Your basement isn’t like the rest of your home. A lot of basements are fairly large, but can often feel dark, damp, and cramped. Artificial lighting schemes can alleviate these conditions in some ways, but nothing will work as well as natural light and ventilation. Unfortunately, stock windows used in basements are not always the best choice. Here are some of the things you want to think about for basement windows:
1. Layout and Space Restrictions
When choosing replacement windows, consider the need for ventilation and the availability of space above the ground. Single-hung and double-hung windows are great for ventilation, but these styles are usually taller and not ideal for basement walls. Casement windows are also good for ventilation, but because they swing out, there may not be enough space. Instead, you want wide, rectangular-shaped windows that open. A few options include awning windows, hopper windows, and sliding windows.
2. Lighting Conditions
Getting natural light into the basement can be a challenge. One option is to put windows high up on the wall, near the basement ceiling. This will filter in more light and make your basement feel warmer, brighter, and larger. Unfortunately, this can make access difficult and you may not be able to operate these windows if they are too high. That is why awning windows work a little better in the basement since the latch is located on the bottom and can be easier to reach.
3. Moisture Levels
While a lack of natural light is a large concern, it isn’t as worrisome as moisture problems. Excessive moisture in the basement can lead to water damage in the form of mildew and mold. Sealing out the elements during bad weather days is important as well as getting more ventilation in the basement when the weather is fair. Make sure you pick a window that has good ratings against air and water infiltration.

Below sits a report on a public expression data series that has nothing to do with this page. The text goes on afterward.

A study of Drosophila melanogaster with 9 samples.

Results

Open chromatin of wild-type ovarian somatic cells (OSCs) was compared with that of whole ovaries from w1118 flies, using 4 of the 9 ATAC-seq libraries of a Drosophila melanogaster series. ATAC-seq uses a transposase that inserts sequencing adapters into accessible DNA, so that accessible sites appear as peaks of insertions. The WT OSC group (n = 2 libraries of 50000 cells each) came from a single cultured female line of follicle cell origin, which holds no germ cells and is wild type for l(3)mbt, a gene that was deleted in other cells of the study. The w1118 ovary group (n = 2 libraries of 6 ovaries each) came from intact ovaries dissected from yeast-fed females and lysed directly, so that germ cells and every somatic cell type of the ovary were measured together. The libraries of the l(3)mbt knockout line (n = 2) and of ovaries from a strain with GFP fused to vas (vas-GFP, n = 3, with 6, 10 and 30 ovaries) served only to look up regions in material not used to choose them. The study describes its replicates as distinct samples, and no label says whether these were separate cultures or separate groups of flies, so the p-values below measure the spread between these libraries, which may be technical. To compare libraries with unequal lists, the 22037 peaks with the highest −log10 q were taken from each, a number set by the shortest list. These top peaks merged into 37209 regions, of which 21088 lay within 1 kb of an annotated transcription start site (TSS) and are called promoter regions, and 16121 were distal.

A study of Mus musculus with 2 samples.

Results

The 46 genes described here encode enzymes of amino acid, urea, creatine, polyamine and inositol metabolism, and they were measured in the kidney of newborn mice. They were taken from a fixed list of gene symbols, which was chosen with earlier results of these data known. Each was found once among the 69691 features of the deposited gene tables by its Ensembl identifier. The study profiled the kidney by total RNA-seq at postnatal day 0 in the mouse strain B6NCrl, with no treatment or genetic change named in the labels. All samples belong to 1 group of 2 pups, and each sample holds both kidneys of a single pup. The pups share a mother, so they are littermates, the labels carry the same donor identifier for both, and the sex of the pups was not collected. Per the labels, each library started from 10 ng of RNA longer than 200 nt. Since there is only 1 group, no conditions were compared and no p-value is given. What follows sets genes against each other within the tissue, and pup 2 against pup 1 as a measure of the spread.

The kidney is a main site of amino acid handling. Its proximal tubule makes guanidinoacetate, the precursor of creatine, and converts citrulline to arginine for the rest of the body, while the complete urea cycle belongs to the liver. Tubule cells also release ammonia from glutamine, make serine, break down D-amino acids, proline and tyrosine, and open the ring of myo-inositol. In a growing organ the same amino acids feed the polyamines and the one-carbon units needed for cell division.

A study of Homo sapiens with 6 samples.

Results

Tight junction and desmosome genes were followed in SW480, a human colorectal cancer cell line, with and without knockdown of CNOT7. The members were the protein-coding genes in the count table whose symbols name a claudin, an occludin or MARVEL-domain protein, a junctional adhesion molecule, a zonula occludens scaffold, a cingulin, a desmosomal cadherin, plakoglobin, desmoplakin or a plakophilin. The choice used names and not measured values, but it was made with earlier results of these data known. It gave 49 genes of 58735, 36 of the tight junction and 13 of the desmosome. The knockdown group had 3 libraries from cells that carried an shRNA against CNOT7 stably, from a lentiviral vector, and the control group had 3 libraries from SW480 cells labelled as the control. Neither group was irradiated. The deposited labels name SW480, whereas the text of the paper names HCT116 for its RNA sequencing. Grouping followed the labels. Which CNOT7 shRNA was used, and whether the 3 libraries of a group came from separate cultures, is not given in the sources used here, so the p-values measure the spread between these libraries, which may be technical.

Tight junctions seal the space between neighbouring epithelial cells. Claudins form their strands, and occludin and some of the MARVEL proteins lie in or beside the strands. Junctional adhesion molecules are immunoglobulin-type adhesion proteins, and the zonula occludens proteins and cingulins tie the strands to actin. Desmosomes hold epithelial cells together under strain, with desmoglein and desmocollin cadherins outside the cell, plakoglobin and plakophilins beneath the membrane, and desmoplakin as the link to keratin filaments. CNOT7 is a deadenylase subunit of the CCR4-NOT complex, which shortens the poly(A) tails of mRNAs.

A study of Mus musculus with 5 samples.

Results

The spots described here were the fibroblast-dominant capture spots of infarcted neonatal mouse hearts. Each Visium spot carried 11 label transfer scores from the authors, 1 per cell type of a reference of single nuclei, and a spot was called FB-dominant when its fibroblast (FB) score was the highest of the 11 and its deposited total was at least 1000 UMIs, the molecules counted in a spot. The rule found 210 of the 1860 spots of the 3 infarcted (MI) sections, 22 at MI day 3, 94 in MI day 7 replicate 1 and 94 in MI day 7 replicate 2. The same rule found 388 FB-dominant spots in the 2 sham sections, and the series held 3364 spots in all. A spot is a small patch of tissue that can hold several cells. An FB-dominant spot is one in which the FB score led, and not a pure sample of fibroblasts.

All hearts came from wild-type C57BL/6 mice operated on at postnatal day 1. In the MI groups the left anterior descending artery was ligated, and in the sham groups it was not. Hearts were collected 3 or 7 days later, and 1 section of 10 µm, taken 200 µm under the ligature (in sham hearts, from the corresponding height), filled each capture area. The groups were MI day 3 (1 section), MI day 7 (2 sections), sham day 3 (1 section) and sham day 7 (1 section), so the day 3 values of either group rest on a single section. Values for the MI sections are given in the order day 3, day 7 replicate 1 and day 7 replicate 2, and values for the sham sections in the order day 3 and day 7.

4. Energy Efficiency
You want to get as much light as you can in your basement, but you probably don’t want excessive heat gain or loss on top of it. That is where energy efficiency can help. Special gas fills and coatings on your replacement windows will allow in ample amounts of light while preventing unwanted heat gain and loss.
5. Safety Concerns
If you are installing replacement windows in an area of the basement that is considered “living space” like a bedroom or common room, then you should have at least one egress window. These are operable windows of a specific size that you can use as an escape during an emergency. Many windows meet the requirements of egress windows, but you will want to be sure you meet the building codes for your area.
If you want more information about replacement windows, contact the experts at Home Supply Window and Door. We offer a wide variety of high-quality products and can assist you with any type of window installation, including basements. To set up a consultation call 973-949-5401 or visit 160 Van Winkle Ave, Hawthorne, NJ 07506.